You might fear that this revival of a revival would be stale by now, full of phoned-in performances and dusted-off costumes. You'd be wrong. Sam Mendes and Rob Marshall's radical reimagining of Cabaret was a stunning assertion of the vitality of the original work by John Kander, Fred Ebb, and Joe Masteroff when it opened at Henry Miller's Theatre in 1998. Now, remounted at Studio 54 (home of this revival's original run after it transferred from the Miller), Cabaret feels more relevant than ever. In fact, in this time of global instability, it feels downright prescient.
Cabaret is based on John Van Druten's play I Am a Camera, which, in turn, is inspired by The Berlin Stories, a pair of Weimar-era novels by Christopher Isherwood. American writer Clifford Bradshaw (Bill Heck) arrives in Berlin in 1929, at the twilight of the Weimar Republic. He takes a room in a boarding house operated by the ever-weary Fräulein Schneider (Linda Emond). She keeps an eclectic group of tenants including Jewish fruit vendor Herr Schultz (Danny Burstein) and Fräulein Kost (Gayle Rankin), a prostitute with a taste for sailors.
Berlin is an oasis of art, culture, and sexual liberality. Its vibrant cabaret scene is a font of irreverent political criticism. One such night spot, The Kit Kat Klub, is presided over by a pale and mischievous Emcee (Alan Cumming) who delights in mocking Hitler about as much as he enjoys a good ménage à trois. (He performs acts about both subjects.) Clifford becomes friends (and then, to his surprise, roommates) with Sally Bowles (Michelle Williams), an English chanteuse who regularly appears at the club. Together, they indulge in the hedonistic spirit of the city while they still can. After all, it's not long for this world. Within the next four years, the Great Depression will cause unemployment to surge in Germany, leading millions of voters to embrace the extremist ideology of the Nazi Party.
As Kost, the down-on-her-luck sex worker, Rankin offers a compelling portrait of how the economically disadvantaged embrace the false salvation of angry populism. Struggling to pay her rent (and chided by Schneider for the parade of men coming into the house), Kost tries to proposition Schultz, pitifully cooing, "I'm looking for two marks." He rejects her. Later, at the Schultz-Schneider engagement party, Kost viciously squeezes out on her accordion a Nazi anthem ("Tomorrow Belongs to Me"). All the guests gather around to sing along, while Schultz and Schneider fade into the background.
As Schultz, the unfailingly affable Burstein breaks our hearts, his irrepressible optimism persevering, despite all evidence. Emond's Schneider provides an ideal foil with her cold Teutonic pragmatism. She lets her guard down only at one moment: to revel in the luxury of a pineapple Schultz gifts to her. It's one of the happiest moments in the show, made tragic by the realization that it cannot last.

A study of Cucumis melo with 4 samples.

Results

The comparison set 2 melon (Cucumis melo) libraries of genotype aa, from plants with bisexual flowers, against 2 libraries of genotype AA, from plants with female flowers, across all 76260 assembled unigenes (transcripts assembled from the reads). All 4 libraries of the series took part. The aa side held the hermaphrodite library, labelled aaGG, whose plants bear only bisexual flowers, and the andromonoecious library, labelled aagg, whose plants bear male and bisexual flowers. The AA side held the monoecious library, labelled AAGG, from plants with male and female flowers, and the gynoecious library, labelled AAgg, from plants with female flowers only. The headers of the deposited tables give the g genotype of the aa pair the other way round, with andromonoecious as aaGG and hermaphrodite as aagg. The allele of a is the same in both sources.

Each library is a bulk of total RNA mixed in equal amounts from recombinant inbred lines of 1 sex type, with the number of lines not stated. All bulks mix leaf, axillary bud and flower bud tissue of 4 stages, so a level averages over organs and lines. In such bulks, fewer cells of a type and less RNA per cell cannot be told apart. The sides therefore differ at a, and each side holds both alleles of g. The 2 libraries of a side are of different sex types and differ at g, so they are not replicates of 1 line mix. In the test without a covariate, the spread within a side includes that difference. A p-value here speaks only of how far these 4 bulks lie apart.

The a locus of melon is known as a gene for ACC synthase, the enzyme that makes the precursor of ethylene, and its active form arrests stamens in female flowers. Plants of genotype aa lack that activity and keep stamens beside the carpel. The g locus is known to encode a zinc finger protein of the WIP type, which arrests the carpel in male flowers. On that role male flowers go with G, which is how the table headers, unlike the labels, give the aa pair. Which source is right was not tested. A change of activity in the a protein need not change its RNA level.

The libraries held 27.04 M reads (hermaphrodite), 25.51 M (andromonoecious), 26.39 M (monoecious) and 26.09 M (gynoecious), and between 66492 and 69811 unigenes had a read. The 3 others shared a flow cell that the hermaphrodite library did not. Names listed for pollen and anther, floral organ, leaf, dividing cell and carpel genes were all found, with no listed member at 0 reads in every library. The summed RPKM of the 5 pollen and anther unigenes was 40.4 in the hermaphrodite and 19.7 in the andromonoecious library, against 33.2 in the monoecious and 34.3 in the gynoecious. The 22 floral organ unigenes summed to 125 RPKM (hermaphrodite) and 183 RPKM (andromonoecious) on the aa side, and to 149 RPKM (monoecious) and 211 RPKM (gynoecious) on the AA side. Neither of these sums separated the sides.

Williams' performances of club numbers like "Don't Tell Mama" and "Mein Herr" are mechanical and forced. And this is a good thing. Sally Bowles was never written to be talented. Rather, Sally floats along on delusion, throwing doubters overboard. Williams plays her like the walking, talking, flailing essence of "mind over matter." Her grotesquely twisted smile seems to pinch her face, hoping to burst a capillary for color. Sally is just trying so hard and her subsequent failures are devastating for this reason. Williams is Sally Bowles laid bare onstage in all her coked-up, faux-sophisticated glory.
She's backed up by a coterie of abused rag dolls called The Kit Kat Girls. These zombielike chorines wipe the floor with their ratty hair and lap up cash as if it were water in a desert. There's nothing sexy about their heroin chic. The boys fare a bit better with rippling abs outlined in dark makeup. Guyliner abounds. All the boys and girls double as members of the band, which sounds better than ever under the confident baton of Patrick Vaccariello. The entr'acte will make you feel like you're actually in a nightclub, listening to a hot jazz band.
The world of the club (as designed by Robert Brill) envelops you: As in this production's first mounting, the orchestra seating has been replaced with cabaret tables, each sporting a little lamp with a red shade. Cute waiters in skimpy outfits (designed by William Ivey Long) take food and drink orders before the show and at intermission. The Emcee stalks the aisles during Sally's numbers, chain-smoking and hoping to be entertained.
Cumming's Emcee is playfully lecherous as ever, but exudes a knowing ennui from the shadows. He's like a 49-year-old club promoter who has been at it a little too long. He still has a great physique but is no longer tickled by the game. He's seen it all before and nothing surprises him. That is, until the moments before Williams delivers a terrifying rendition of the title song (which she might as well be belting from the deck of the sinking Titanic). The audience is swarming with unfriendly faces, reflected back to us in the Emcee's eyes. They don't find his hyper-sexualized, subtly subversive club act very amusing. The party's over.
In the show's final moments, Cumming's narration takes on an accusatory tone. "We have no troubles here," he spits through clenched teeth, jabbing at the audience. Relatively speaking, he's right. Strident nationalism, the type that targets Jews, homosexuals, and immigrants, is once again ascendant in the world. All that considered, you can't help but feel blessed to be within the inviting confines of a Broadway theater, sipping a signature cocktail, confident in the knowledge that you get to leave this harrowing depiction of the apocalypse.